Date of Award

2013

Degree Type

Thesis

Degree Name

Master of Science in Ocean Engineering

Department

Ocean Engineering

First Advisor

Chris Baxter

Abstract

The current state-of-the-practice for estimating the liquefaction potential of a site is to use correlations with the in situ tests such as the Standard Penetration Test (SPT), Cone Penetration Test (CPT), and shear wave velocity (Vs). In each method, field data has been collected from sites where either liquefaction or no liquefaction was observed following earthquakes.

These methods assume that the in situ measurement (SPT, CPT, or Vs) captures the liquefaction resistance of all coarse-grained soils. This has been shown to be true for the SPT and CPT, where resistance is related to the relative density of the soil. In contrast, shear wave velocity is a function of a soils’ void ratio, and soils with the same void ratio can have very different soil behavior. There is some evidence in the literature that the relationship between cyclic resistance and shear wave velocity may be soil specific, meaning that using a field-based Vs approach for liquefaction resistance for all sands may not be appropriate.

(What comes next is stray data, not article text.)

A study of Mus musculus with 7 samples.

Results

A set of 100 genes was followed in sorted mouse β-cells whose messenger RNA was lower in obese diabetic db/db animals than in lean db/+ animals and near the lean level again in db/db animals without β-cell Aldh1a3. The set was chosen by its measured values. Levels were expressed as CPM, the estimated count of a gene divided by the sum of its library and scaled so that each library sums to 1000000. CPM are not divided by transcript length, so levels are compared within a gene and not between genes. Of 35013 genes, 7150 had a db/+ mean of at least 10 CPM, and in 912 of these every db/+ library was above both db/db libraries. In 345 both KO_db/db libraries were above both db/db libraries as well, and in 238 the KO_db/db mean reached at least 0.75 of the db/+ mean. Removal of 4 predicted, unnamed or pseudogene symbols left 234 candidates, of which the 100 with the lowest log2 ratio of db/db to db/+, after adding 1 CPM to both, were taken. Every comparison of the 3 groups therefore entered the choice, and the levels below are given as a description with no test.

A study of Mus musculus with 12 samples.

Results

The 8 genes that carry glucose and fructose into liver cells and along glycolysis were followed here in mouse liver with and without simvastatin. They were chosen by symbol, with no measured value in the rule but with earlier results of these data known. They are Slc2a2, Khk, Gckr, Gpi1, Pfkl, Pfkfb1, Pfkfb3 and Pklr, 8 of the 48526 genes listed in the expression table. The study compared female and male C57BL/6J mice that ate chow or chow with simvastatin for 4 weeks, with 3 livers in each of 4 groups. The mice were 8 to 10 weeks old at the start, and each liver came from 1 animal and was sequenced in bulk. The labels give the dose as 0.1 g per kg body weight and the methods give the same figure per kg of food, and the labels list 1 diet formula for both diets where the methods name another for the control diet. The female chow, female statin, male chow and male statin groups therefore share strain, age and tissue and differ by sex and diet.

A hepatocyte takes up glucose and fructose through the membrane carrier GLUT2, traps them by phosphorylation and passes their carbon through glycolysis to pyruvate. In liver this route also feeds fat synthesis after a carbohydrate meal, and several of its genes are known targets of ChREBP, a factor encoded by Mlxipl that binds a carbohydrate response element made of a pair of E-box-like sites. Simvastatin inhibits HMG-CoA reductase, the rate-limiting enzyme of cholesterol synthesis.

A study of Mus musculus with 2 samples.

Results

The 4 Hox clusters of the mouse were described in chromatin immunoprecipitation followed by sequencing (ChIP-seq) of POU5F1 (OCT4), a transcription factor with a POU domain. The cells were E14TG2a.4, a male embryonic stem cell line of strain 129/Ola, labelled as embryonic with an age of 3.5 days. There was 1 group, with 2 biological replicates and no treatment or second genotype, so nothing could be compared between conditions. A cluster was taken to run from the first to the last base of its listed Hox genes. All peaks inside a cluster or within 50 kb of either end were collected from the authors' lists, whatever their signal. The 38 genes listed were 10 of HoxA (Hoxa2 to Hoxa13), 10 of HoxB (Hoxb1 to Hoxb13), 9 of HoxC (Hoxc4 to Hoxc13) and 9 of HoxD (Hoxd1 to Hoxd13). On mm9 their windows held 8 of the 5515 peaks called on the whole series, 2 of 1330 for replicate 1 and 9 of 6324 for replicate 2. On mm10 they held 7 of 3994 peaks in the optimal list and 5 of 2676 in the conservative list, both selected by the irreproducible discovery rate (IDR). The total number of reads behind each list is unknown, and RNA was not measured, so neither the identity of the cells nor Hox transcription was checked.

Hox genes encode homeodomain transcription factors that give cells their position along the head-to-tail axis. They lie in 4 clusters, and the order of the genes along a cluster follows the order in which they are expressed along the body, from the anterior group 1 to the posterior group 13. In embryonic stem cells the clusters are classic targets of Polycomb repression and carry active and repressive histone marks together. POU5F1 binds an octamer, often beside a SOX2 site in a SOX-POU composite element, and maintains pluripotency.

The objective of this study is to evaluate whether the Cyclic Resistance (CRR) - Shear Wave Velocity (Vs) relationship is soil specific for two soils. A laboratory program was developed and twenty-nine undrained cyclic triaxial tests were conducted with shear wave velocity measurements taken using bender elements.

Eleven cyclic triaxial tests were conducted on Monterey sand and eighteen cyclic triaxial tests were conducted on a calcareous sand from Cabo Rojo, Puerto Rico. Three different void ratios were chosen for each sand and the data was compared against published data on comparable soils.

The results suggest that the liquefaction resistance of both the Monterey and Cabo Rojo calcareous sand is lower than predicted by the field-based approaches of Andrus and Stokoe (2000) and Kayen et al. (2013). In this case, using the field-based shear wave velocity approach would significantly overestimate the liquefaction resistance of the Cabo Rojo and Monterey sands. More research is needed, however, the results of this study support the hypothesis that the Cyclic Resistance - Shear Wave Velocity relationship is soil specific.